Wednesday, November 11, 2009

Some thoughts about Ron Lankford's career in public education

(The following is my column for this week's Newton County News.)

One of the things that has made Dr. Ron Lankford one of the most effective school administrators in Missouri is his ability to remember faces and names.

When I became the area reporter for The Carthage Press in 1990, one of my beats was the Webb City R-7 School District. The first time I approached Lankford, the superintendent at Webb City, was at a basketball game in his home gymnasium.
Before I could reintroduce myself, he had already called me by name and was asking me how my younger sister Kelly was doing.

What made this more remarkable was the fact that he had not seen me in nearly 20 years, and the last time he had seen me I was a freshman at East Newton High School and he was a student teacher. He later had Kelly as one of his students when he became a full-time teacher at East Newton.

That ability to remember names and faces has always served Lankford as a superintendent, and it may end up serving him equally well if he decides to go into politics as some have speculated.

Lankford announced to the R-7 Board of Education this week that he will retire at the end of the 2009-2010 school year. You hear about many people leaving long after their best years, but Lankford has been on top for a long time and he is leaving while still at the top of his game.

The announcement of his retirement came only a week after R-7 patrons overwhelmingly approved a $2 million bond issue to add classrooms for early education at three of the district’s elementary schools. Webb City voters have approved one such issue after another during Lankford’s tenure.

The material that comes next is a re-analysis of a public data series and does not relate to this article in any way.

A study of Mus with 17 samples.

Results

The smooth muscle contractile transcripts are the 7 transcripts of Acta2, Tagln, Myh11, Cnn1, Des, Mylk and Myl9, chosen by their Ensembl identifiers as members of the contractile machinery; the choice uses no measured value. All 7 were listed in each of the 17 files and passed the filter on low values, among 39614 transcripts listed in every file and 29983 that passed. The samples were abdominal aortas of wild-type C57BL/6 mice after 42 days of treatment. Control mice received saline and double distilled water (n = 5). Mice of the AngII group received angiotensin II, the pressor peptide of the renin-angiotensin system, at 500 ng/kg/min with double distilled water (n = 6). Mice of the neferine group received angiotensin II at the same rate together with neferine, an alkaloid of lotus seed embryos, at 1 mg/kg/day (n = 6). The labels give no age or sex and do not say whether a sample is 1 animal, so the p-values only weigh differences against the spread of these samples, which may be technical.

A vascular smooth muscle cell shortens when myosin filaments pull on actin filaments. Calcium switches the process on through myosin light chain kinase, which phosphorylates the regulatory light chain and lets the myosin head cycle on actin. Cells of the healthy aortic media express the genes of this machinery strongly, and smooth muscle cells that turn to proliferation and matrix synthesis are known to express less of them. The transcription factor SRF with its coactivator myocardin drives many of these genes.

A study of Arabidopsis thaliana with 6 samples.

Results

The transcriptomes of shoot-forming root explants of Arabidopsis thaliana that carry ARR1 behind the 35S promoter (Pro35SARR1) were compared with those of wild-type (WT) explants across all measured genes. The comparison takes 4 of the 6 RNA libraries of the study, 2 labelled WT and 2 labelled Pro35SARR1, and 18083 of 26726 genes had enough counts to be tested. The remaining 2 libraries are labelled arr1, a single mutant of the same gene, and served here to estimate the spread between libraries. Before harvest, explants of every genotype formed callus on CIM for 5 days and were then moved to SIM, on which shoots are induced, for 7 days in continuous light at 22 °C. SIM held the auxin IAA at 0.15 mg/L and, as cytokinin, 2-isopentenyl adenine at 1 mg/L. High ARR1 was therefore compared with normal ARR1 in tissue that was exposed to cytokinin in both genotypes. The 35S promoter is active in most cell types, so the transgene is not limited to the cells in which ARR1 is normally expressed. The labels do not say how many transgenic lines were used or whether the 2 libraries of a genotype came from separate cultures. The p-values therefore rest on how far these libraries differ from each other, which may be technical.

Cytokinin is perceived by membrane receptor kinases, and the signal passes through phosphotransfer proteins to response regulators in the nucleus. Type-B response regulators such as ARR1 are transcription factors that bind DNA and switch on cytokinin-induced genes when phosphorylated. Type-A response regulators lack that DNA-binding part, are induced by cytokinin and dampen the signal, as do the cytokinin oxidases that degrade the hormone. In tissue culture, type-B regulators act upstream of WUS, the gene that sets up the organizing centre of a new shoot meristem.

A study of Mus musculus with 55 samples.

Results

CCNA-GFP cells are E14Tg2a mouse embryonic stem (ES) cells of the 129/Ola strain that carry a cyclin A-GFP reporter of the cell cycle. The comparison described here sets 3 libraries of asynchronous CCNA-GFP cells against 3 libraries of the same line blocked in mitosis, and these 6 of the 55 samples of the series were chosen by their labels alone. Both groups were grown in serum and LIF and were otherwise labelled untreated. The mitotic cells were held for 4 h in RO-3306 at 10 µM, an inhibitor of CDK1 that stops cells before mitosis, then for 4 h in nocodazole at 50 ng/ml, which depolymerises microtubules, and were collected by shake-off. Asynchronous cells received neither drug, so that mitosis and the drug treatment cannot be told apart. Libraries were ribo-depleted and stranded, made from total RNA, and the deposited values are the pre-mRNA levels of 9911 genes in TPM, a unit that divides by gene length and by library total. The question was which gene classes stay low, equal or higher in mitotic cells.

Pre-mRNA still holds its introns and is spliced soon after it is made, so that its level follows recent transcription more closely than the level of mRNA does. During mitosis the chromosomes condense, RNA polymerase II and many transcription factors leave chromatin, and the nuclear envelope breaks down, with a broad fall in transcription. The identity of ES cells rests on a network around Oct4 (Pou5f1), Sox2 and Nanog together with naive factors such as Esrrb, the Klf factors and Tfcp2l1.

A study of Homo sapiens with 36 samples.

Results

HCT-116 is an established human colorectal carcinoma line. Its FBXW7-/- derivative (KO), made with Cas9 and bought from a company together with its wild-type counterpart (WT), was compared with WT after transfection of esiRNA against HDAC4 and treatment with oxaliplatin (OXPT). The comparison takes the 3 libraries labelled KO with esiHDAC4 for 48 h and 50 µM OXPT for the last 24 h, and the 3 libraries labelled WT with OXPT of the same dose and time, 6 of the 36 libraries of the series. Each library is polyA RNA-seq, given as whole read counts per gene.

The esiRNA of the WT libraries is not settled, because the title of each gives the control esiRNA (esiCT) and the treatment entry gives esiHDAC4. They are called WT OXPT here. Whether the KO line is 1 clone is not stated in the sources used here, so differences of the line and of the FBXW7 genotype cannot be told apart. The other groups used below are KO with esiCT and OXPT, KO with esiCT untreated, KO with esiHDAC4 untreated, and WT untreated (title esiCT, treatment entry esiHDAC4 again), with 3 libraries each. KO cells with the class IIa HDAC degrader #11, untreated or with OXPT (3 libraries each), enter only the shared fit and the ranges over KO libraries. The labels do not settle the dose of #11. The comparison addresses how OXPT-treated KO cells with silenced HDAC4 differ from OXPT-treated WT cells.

In the letter to the board, Lankford said, "Writing this letter was not easy for me at this time, but I wanted to give you ample advance notice of this decision to enable you to have sufficient time to select a successor. I made this decision last spring but felt it best to delay the announcement until after the 2009-2010 school year had begun. After it was decided to hold a special election on Nov. 3, 2009, I determined it would be best to wait until after that date to inform you of my plans. It was my belief that all my energies should be spent preparing for our students' futures rather than my retirement."
Lankford said he will not let up during the remainder of this school year and added, "It will be my goal to see that the district is well positioned for the new decade upon us."

That attitude is one that has kept Lankford on top, something recognized a few weeks ago by the Missouri Council of School Administrators when it named Lankford the state’s School Administrator of the Year.

Nearly four decades of exemplary work in public education will come to a conclusion June 30 for the Seneca native. And it all started at East Newton High School.


School Administrator said...

I didn't like how Lankford wrote a public letter of support for Dr. Bruce Speck without really knowing what was going on at MSSU. It'd be like me weighing in on a personnel matter at Webb City High School.

Anonymous said...

Yes. That was a misstep by Lankford to endorse Speck. But still, he was an outstanding superintendent for Webb City schools, and that's what should matter.

Anonymous said...

I like the way that Dr. Lankford has managed the school district. He knows and respects the system whereby voters elect board members who hire a superintendent who hires teachers and manages the complete educational system, focused on educating the students.

From all indications, Dr. Speck will follow the same, sound approach at MSSU if the teachers will quit trying to run the university.

Anonymous said...

I think that everyone should be treated as an individual and be recognized on their work that they have done, as well as, the accomplishments they have made. Dr. Lankford has contributed his time and energy into Webb City Schools and the community for which he works for in an outstanding manner. That is my opinion. I am shocked and sad to hear the news, and he will truly be missed. I hope that he continues to contribute himself to the public in another way so others can experience his love of helping make a place (another school, city, or state position) better. It will take alot to fill his shoes, and I hope that the next person is ready for that.